Frankenstorm Sandy is long gone, but it still is around politically, threatening to turn its “gift” of votes for President Barack Obama into a boomerang.
Last week’s unprecedented storm that virtually shut down New York and surrounding areas gave the president a chance to show off his leadership. He ostensibly ignored the election campaign to display care and concern for victims.
Obama ordered all government agencies to move into high gear to restore life to normal for millions of people without electricity and tens of thousands others whose homes were destroyed or sustained serious flood damage.
Five days later, a Bloomberg survey showed that recovery attempts are lagging behind similar efforts after Hurricane Irene last year.
More than 3.5 million people still are without electricity or are suffering from blackouts, and power may not be restored to some residents for more than a week.
Sandy’s death toll now is 103. The biggest hurdle to recovery continued to be a severe lack of gasoline, AFP reported.
Huge lines of cars and people on foot clutching canisters snaked back from gas stations, and New Jersey governor Chris Christie announced rationing.
Starting Saturday, drivers with license plates ending in an even number were only allowed to fill up on even-numbered dates, while those whose plates end in odd numbers plates had to wait for odd-number dates.
New figures from the federal Energy Information Administration said that 38 percent of gas stations around New York were still out of order, sharply down from 67 percent on Friday.
Relief was slower than hoped for drivers who were told to stay away from makeshift fuel stations on the first day of the scheme to give priority to emergency vehicles. At one site in the Bronx, the promised fuel tanker had not arrived by late afternoon, according to an AFP correspondent.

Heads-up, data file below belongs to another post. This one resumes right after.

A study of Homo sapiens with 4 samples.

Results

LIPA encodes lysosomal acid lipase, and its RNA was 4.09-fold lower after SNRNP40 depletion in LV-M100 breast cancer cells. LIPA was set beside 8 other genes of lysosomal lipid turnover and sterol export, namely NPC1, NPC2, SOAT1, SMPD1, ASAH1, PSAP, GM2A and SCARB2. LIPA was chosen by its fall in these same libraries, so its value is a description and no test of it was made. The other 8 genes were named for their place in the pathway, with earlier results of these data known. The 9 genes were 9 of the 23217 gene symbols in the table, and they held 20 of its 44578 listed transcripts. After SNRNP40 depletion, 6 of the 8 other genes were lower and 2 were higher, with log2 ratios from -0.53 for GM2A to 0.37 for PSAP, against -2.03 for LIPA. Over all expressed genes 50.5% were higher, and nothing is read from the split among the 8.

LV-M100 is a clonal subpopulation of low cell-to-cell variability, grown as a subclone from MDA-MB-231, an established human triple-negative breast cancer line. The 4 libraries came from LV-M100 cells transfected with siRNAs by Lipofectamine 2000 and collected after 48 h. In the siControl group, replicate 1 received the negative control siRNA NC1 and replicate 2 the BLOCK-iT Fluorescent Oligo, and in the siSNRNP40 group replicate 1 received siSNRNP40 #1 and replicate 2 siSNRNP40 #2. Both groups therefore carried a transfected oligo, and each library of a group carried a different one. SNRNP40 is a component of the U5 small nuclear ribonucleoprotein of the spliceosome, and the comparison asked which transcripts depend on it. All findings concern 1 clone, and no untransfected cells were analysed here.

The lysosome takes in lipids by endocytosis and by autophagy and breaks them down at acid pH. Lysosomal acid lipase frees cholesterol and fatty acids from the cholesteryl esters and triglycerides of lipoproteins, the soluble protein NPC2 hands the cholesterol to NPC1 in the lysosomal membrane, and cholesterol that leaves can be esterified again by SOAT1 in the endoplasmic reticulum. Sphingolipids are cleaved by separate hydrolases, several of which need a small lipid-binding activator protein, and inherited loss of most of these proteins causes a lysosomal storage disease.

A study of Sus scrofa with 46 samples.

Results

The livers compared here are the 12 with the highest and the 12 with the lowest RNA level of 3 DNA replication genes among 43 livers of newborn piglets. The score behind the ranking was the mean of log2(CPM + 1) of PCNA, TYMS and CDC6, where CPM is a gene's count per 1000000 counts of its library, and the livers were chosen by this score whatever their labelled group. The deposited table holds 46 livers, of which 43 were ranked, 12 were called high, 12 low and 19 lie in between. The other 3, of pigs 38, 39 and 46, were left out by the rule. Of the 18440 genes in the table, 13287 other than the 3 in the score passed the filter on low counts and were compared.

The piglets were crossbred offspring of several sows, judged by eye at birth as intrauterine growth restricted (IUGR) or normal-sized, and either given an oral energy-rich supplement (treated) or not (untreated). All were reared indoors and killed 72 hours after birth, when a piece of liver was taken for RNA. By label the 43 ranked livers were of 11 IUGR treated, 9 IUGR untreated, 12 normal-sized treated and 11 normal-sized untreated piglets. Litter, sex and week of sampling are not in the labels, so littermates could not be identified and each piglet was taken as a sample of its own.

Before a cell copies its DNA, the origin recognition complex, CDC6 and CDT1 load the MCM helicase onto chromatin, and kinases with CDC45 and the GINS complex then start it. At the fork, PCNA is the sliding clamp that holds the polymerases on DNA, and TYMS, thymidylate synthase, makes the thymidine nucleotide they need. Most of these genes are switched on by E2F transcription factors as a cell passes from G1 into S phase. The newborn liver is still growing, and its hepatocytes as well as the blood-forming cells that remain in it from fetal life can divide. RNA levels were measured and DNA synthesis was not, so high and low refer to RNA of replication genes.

Most of the New York City subway system is running, but frustrations were increasingly boiling over in worst hit neighborhoods in New York, New Jersey and Connecticut
“I’m seeing frustration, disorganization and slow recovery,” Matthew Cordaro, a 40-year power industry veteran and former chief operating officer of Long Island Lighting Co., told Bloomberg.
“It’s verging on anger at this point,” said Senator Richard Blumenthal, a Connecticut Democrat.
The anger may be expressed into votes against Obama, who is credited by most polls with holding a razor-thin edge over Republican challenger Mitt Romney.
““Now that we are all appalled by the lack of food, gas, water, heat, and the basic essentials of life throughout the storm zone, Obama’s government doesn’t look so good anymore,” wrote Dick Morris, a former pollster and considered one of the most powerful advisors in the administration of President Bill Clinton.
“Why didn’t FEMA stockpile food, water, and gasoline?” he asked. “We had a week’s notice to prepare for Sandy. There was no shortage of time. Did the government not realize that people needed to eat, drink, and drive?”
Morris predicted that Obama will lose the election.
“All throughout America, we are asking these questions of our television sets as we watch the evolving story of human misery… When Obama said that voting was ‘the best revenge,’ he threw away whatever presidentiality he displayed in touring storm damage earlier in the week,” Morris wrote.
“Particularly when we see the juxtaposition of the mounting disaster in New York and New Jersey and the president out on the campaign trail attacking his opponents, we realize that Obama is a candidate before he is president, more worried about his second term than the welfare of his constituents.
“In yesterday’s polling numbers, I saw a rise in Obama’s ratings and warned that the race was far from over. Now, we see him throwing it all away and resuming his crash into a single term presidency.”